HIV is sexist.
A woman is twice as likely to catch the virus from an infected partner in a heterosexual relationship than a man is.
And homosexual men are at even greater risk. They're more than 20 times as likely to get infected from an HIV-positive partner than partners in a heterosexual relationship.
Now scientists at Microsoft Research and the Zambia-Emory HIV Project have a clue about why these disparities exist.
Only the strongest, most evolutionary "fit" versions of the virus tend to infect a man when he has sex with an HIV-positive woman, scientist report Thursday in the journal Science.
In other words, particular versions of the virus, with particular DNA sequences, are most likely to pass from a woman to a man. This reduces the chance an infection occurs during sex.
The restriction is less when women have sex with an HIV-positive man. And, most likely, reduced even further when men have sex with men. So the chance of an infection increases in both situations.
As HIV replicates inside a person, mutations are introduced into its DNA. This results in a large number of different HIV versions swarming about the body each with its own genetic code.
But when HIV is transmitted through sex, usually only a single version of the virus establishes a long-term infection. So the process is almost like a filter, letting only certain viruses through.
This made scientists wonder: Is there something special about the HIV versions making it through the filter?
To figure this out, a team at Microsoft Research and Emory University analyzed data from a decades-long study on HIV transmission between "discordant" heterosexual couples in Zambia. These are couples in which one person is HIV-positive and the other is HIV-negative.
During the study, the team gave the couples condoms and taught them other ways to prevent passing along HIV to their partner. But in 137 couples, transmission did occur sometime during the decade. In these cases, the team compared the viruses of the newly infected person with those of the partner.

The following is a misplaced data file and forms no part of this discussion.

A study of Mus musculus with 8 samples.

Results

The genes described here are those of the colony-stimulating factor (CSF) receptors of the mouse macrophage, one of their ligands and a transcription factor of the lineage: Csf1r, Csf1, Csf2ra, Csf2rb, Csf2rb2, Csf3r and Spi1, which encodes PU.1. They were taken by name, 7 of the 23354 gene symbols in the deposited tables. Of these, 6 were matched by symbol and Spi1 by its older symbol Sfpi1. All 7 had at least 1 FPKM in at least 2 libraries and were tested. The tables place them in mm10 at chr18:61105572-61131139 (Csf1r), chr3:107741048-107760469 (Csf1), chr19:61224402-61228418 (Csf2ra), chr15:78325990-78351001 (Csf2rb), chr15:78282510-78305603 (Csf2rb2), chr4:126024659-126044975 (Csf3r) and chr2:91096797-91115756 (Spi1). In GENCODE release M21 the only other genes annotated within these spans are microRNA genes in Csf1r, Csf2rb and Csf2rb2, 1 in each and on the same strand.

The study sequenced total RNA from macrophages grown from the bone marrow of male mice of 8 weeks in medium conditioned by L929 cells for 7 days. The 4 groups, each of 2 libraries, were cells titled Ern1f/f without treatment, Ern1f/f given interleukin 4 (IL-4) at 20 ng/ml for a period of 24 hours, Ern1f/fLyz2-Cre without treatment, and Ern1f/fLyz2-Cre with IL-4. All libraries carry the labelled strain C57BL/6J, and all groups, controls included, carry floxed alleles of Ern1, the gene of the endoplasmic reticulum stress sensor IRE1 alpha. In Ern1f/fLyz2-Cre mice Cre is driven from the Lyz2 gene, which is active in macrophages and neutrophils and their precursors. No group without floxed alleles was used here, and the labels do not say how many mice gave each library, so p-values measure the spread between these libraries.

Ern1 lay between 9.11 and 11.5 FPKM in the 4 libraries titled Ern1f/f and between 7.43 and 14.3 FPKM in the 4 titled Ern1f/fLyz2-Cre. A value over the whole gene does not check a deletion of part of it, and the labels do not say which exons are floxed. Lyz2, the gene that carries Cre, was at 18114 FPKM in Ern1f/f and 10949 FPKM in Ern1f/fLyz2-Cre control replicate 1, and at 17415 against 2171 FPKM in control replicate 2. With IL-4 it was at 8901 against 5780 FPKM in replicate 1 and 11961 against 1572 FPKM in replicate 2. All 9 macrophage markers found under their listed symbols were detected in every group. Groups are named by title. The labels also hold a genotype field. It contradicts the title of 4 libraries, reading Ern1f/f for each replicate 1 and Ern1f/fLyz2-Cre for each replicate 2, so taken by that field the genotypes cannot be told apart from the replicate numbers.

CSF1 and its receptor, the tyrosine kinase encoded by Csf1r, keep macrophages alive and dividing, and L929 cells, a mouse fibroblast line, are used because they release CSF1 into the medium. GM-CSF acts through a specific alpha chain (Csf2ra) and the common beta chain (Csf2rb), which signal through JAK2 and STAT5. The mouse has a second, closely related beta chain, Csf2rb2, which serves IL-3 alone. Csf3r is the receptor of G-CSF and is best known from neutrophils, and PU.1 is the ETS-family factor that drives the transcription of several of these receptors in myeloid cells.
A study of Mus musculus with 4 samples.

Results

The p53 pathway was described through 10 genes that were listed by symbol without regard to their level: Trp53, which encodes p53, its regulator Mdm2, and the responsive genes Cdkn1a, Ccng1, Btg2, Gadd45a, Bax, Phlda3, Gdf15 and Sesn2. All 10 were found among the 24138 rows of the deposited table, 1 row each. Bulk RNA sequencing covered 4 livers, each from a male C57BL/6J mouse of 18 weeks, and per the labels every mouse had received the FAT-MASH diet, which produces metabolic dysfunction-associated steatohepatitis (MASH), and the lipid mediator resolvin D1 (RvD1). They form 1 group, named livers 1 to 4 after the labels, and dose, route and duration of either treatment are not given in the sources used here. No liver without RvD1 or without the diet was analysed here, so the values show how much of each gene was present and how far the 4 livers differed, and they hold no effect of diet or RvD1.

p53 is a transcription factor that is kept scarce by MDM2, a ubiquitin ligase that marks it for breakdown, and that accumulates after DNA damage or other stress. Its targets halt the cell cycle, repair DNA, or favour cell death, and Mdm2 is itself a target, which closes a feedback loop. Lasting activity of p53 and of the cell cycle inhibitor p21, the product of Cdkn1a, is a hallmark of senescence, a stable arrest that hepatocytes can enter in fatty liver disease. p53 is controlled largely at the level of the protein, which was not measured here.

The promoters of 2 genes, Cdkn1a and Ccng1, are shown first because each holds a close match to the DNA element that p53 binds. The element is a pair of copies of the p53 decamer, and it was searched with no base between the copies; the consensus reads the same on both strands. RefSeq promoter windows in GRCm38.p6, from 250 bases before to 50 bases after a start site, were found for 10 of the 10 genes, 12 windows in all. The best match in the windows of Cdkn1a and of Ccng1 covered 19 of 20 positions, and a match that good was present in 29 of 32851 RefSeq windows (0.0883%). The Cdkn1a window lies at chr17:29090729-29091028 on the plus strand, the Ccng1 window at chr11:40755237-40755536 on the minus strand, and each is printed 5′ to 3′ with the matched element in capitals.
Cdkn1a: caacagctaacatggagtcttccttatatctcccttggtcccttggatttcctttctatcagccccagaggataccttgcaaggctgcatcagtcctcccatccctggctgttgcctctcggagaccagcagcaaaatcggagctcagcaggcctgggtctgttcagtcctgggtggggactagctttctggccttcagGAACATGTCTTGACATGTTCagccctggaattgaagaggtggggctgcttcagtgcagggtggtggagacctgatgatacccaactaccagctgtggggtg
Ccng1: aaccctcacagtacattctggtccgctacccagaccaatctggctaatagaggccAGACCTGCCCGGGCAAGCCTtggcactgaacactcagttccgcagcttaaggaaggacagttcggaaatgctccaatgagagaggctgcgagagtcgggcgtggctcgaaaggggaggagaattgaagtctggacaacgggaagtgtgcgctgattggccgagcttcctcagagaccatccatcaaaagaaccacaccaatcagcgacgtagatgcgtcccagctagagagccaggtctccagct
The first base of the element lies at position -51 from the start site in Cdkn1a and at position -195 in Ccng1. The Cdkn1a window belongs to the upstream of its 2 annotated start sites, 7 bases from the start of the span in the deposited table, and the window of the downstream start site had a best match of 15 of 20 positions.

They found that HIV was most likely to be transmitted when its genetic code had a particular pattern. These versions of the HIV genes seem to make the virus good at initially infecting and replicating within a person.
Turned out, this pattern is the average DNA sequence that scientists find when they examine HIV strains in people from around the globe. "The average sequence in the population is probably average because it works best, and we found that that is true," says Jonathan Carlson, a computational biologist at Microsoft Research, who contributed to the study.
To establish a long-term infection through sexual contact, an HIV virus must first infect a single cell on the genitals. Then the virus multiples and spreads to adjacent cells. "Fitter" viruses are more efficient at infecting new cells and then replicating themselves, Carlson says.
And the higher the initial barrier to this initial infection, the fitter the virus has to be to complete this process.
Different parts of the body provide various levels of protection from the virus. The cells on the penis are tougher to infect than those in the vagina or anus. Trauma, such as open sores or ulcers in the genital area, can also increase the chance of infection.
"What was most striking was that risk factors that were known to affect the risk of transmission affected the selection," says Eric Hunter, a virologist at Emory University, who also contributed to the study.
They found that viruses in newly infected men were more "fit" than the viruses in newly infected women. But when men had genital ulcers or inflammation, they were also infected with less fit versions of the virus.
And though their research was restricted to heterosexual couples, they anticipate that anal sex between homosexual men would provide a lower barrier to infection, and result in the transmission of less fit versions of the virus.
These findings suggest that an effective vaccine might not have to protect against all versions of the virus, just those that are most likely to be transmitted, says Boston University's Manish Sagar, who wasn't involved with the current study.
"You could envision a vaccine that weakens the virus in chronically infected people and needed to be administered only once," he says. "Their disease isn't weakened, but their virus is weakened. So when they have sexual contact, the chance of transmission is lowered."
In other words, this would be a vaccine given to people already infected with HIV to prevent them from spreading the virus.